France’s unions are busy strengthening their grip on the country’s employers through what some might consider an unlikely channel.
The new pensions law allows for a new long-term form of employee savings plan, plan d’épargne retraite collectif (Perco), a DC system funded by corporates and available to all employees which can be taken as a supplement to retirement provision if the employee so wishes.
This has provided a stimulus to socially responsible investing in France, a welcome boost given that with e5bn invested in SRI it lags behind a number of its neighbours in Europe.
The stimulus has come from the trade unions. “We believe that in order to have a better return and guarantee on the employee savings scheme it would be better to invest in SRI funds or dedicated SRI funds monitored by the unions,” says Jean-Pierre Poulet, assistant to Gaby Bonnand, national secretary of the CFDT, one of France’s main trade unions.
He adds: “Furthermore, during periods of crisis and falls in the stock market we say to the management that the SRI funds are less sensitive to the ups and downs and therefore offer real security for the workers.”
An unlikely source of interest in SRI? “At the beginning, the banks were astonished that the unions were interested in this subject,” notes Poulet.
If anything it was a wake-up call for the banks. “They were very reticent,” says Poulet. “They didn’t think it was possible to intervene in companies’ financial management. But today they are convinced of the relevance of this matter and the level of interest in it. They also realise the importance of managing these dedicated funds because it is a way of getting closer to the market.”
So with this in mind the CFDT spearheaded the formation in 2002 of the Comité Intersyndicale de l’Epargne Salariale (CIES) – a trade union committee on employee savings. It consists of four of France’s major trade unions – the CGC, for professional managerial staff, the Christian-oriented CFTC, the CGT and the CFDT.
The CIES issued Requests For Proposals (RFPs) to a number of banks to set up dedicated SRI funds in the name of the CIES to provide a savings vehicle available to all employees of all companies.
The unions ensure that the funds respect a code of conduct established by the CIES and which confers to the fund the “labelisation” – the fact that they recognise the fund as SRI as described by the CIES. “We hold regular meetings with the asset managers so see that they are managing in accordance with the strategy that we have set out,”
There is also a follow-up commission, consisting of representatives from the individual unions, which visits each bank with a dedicated SRI fund. Poulet: “We audit the accounts and check that the companies which they are investing in are socially responsible. We also ask what choices the asset manager made at the shareholders meetings, whether it votes in a manner that conforms with socially responsible investing. In this way we can ensure that they are doing what we want.”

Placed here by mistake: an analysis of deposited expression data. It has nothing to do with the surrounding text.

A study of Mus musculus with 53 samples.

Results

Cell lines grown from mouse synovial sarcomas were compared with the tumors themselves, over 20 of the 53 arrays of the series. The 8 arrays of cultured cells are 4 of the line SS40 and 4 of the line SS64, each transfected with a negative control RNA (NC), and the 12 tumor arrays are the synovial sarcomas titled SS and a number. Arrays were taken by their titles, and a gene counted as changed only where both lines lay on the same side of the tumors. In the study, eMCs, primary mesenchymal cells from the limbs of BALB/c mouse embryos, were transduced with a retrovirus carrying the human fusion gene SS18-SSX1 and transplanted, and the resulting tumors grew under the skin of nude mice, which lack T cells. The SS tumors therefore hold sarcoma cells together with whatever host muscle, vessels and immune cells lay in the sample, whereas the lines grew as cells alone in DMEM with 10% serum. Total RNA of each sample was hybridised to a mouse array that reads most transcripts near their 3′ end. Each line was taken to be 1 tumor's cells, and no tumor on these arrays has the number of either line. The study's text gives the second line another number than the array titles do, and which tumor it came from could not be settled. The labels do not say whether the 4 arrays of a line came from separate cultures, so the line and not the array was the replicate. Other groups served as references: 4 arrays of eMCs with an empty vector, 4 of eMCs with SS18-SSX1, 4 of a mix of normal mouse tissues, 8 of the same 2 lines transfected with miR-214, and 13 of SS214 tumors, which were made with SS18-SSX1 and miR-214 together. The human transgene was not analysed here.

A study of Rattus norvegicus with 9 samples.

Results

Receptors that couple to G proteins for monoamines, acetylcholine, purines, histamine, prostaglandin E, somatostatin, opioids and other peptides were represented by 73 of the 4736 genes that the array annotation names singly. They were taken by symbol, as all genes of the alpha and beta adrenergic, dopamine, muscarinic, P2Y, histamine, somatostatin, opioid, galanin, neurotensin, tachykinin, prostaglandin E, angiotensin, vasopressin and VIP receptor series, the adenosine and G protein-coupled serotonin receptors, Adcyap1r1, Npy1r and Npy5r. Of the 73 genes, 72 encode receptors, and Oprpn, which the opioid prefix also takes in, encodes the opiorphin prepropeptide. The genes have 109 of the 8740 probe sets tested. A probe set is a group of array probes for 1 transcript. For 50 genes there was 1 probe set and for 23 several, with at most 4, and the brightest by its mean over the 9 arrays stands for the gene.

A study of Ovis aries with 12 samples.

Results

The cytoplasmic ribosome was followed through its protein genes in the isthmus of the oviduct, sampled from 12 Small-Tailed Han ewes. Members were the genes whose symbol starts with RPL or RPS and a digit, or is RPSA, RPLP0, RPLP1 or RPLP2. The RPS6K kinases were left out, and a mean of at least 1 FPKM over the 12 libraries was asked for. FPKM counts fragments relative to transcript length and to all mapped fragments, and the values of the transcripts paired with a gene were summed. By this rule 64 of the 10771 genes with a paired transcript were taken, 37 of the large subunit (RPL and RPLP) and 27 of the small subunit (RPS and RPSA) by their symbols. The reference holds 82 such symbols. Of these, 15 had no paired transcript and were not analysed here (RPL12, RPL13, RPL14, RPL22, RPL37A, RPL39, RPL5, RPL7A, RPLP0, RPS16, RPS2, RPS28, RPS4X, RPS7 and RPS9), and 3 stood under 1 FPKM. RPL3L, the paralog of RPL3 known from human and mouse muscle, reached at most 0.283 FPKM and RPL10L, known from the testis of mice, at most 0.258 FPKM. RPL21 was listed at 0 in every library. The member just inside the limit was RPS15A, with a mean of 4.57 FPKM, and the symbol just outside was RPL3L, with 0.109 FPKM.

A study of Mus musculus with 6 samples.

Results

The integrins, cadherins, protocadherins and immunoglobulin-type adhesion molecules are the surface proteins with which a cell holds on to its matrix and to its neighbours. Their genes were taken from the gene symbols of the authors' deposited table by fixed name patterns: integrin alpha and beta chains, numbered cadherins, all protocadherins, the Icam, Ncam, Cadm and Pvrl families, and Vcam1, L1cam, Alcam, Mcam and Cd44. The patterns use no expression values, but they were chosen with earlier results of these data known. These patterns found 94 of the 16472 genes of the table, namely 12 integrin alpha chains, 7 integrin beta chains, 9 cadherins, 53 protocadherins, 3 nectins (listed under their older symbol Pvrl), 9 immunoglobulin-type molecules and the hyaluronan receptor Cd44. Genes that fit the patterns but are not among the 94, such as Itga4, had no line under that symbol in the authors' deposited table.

The ultimate aim is to gain more influence among employers. “We want employees to invest in our dedicated SRI funds so that the money paid by into employees savings plans will influence the corporate management,” says Poulet. “In this way we can transform the strategic choices of a company.”
The philosophy of the unions regarding SRI reflects the French approach generally. “We do not necessarily exclude companies because of their business activity, be it armaments or nuclear energy,” says Poulet. “There are other criteria such as the management practices of the company: does it keep within norms of pollution, for example. There are companies with business activities that one would consider socially responsible but which have terrible management that does not keep within social and environmental norms.”
The CIES aims to build momentum at the coal face. “We are encouraging our company representatives to negotiate with their employers to persuade them to invest the amounts intended for employee savings schemes in dedicated SRI funds,” says Poulet. “We focus on large companies where there are many employee savings funds that are invested in funds that are not SRI.”
There are now dedicated funds with 12 banks. There is a total of e60m invested in SRI retail funds; but only e5m of this is wage savings. Poulet: “We believe that if the whole amount were to be invested in SRI funds or special dedicated SRI funds this will influence companies in the long term to behave in a manner that is socially responsible. Of course this will take time. There is still much work to be done to develop SRI in France.”
Looking forward the main challenge facing the CIES is to convince the Caisses de Retraites to invest massively in SRI and dedicated funds. “These are significant funds and if we manage to convince some of these to invest in SRI there will be huge volumes very quickly,” says Poulet.